The Beauty of Symmetry

They say, beauty is in the eye of the beholder. What we consider to be beautiful in nature, art, or music often differs from culture to culture. But somehow, there seem to be constants — commonalities in how we as human beings "see" beauty. Where does that "sense" of beauty and order come from? And what does algebra or geometry have to do with it?


In mathematics, symmetry has more than just a visual or geometric quality. Mathematicians comprehend symmetries as motions—motions whose interactions and overall structure give rise to an important mathematical concept called a “group.” This unit explores Group Theory, the mathematical quantification of symmetry, which is key to understanding how to remove structure from (i.e., shuffle) a deck of cards or to fathom structure in a crystal.

Unit Goals

  • Symmetry, in a mathematical sense, is a transformation that leaves an object invariant.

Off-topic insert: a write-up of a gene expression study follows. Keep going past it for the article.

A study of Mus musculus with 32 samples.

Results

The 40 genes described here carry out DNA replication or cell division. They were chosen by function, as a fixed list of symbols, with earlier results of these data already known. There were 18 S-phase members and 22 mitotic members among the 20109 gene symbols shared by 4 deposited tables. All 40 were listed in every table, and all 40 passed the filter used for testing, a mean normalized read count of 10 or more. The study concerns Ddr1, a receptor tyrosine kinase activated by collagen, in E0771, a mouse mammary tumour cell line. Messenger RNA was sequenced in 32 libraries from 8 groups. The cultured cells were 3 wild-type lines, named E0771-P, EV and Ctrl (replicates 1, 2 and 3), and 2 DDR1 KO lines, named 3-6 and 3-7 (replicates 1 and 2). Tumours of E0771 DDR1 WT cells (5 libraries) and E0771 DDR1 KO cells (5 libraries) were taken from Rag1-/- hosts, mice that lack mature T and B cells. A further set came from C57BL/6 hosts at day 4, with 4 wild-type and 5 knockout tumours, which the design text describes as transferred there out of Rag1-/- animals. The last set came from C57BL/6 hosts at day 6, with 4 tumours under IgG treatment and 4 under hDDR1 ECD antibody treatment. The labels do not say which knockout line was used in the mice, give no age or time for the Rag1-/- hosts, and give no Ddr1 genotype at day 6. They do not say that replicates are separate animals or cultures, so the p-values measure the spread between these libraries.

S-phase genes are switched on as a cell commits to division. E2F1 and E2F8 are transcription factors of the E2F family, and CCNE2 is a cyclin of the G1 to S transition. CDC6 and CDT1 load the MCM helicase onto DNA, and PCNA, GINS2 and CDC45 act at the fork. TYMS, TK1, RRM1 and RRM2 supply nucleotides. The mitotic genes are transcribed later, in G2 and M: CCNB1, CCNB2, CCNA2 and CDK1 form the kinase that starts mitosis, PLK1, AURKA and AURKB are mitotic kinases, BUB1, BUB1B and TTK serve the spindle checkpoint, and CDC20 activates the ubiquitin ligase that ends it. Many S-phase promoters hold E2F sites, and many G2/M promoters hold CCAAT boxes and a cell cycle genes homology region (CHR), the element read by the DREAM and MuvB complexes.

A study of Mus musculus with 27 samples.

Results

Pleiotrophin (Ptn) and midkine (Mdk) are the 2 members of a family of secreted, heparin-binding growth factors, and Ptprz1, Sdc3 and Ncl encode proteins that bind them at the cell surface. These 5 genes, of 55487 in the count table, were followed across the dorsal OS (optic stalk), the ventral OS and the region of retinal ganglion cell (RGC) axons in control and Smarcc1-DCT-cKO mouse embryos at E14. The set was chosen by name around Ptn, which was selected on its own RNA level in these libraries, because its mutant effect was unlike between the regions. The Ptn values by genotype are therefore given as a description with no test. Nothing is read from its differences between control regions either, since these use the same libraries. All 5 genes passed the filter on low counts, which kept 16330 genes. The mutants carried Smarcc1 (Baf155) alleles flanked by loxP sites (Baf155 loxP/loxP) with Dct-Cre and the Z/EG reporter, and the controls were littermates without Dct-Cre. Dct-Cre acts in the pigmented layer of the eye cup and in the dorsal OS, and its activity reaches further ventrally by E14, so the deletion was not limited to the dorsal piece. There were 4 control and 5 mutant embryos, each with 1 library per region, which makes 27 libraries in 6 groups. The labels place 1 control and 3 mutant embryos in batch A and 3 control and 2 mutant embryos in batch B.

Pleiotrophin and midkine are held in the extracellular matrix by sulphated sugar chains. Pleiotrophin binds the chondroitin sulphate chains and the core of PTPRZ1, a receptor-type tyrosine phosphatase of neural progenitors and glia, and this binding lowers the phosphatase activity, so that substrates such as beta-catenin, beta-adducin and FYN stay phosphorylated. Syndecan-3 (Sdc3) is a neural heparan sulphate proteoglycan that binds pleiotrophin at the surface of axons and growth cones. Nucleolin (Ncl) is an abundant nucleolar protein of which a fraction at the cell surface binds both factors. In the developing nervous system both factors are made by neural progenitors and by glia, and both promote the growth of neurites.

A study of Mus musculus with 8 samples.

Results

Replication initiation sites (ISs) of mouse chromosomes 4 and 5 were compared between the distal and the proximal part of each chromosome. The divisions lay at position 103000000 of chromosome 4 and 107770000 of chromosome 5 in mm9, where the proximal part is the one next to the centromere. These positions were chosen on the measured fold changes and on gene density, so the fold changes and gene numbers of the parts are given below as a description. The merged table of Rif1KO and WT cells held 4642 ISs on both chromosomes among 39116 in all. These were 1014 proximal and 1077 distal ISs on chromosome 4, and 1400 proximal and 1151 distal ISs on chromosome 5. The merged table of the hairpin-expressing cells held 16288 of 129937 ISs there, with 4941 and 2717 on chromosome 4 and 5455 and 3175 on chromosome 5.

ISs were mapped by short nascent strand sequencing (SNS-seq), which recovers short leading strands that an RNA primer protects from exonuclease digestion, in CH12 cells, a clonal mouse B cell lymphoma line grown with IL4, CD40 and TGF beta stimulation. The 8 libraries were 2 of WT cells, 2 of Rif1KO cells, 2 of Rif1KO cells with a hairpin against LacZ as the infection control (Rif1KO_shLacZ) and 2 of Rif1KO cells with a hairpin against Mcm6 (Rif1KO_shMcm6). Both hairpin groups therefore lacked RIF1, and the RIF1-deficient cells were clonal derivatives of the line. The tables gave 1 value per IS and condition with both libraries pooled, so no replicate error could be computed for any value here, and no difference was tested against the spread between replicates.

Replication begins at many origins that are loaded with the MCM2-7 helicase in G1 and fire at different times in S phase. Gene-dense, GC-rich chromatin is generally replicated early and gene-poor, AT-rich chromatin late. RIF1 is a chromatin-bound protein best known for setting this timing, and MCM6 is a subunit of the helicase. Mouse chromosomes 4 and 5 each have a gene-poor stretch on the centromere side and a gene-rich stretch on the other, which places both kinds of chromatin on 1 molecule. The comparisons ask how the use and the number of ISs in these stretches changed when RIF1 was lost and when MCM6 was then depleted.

• Some symmetries are understood as geometric motions.
  • Some symmetries are understood as algebraic operations.
  • When symmetries are combined, another symmetry is the result.
  • Symmetries form what is known as a group, which allows mathematicians to perform a sort of “arithmetic” with things that are not numbers.
  • A “frieze group” is the set of symmetries of an infinite frieze (a frieze is a pattern that repeats along a line — i.e., in one dimension).
  • All frieze groups fall into one of seven general types.
  • A “wallpaper group” is the set of symmetries of an infinite wallpaper pattern — that is, a pattern that “repeats” in two dimensions.
  • Wallpaper groups fall into one of 17 general categories.
  • All groups of symmetries can be expressed as permutations, which also form groups.
  • The ways in which a polynomial’s roots behave under a certain collection of permutations determine whether or not the roots have a simple algebraic formula (such as the quadratic formula) in terms of the coefficients of the polynomial.
  • Every conserved physical quantity is based on a continuous symmetry.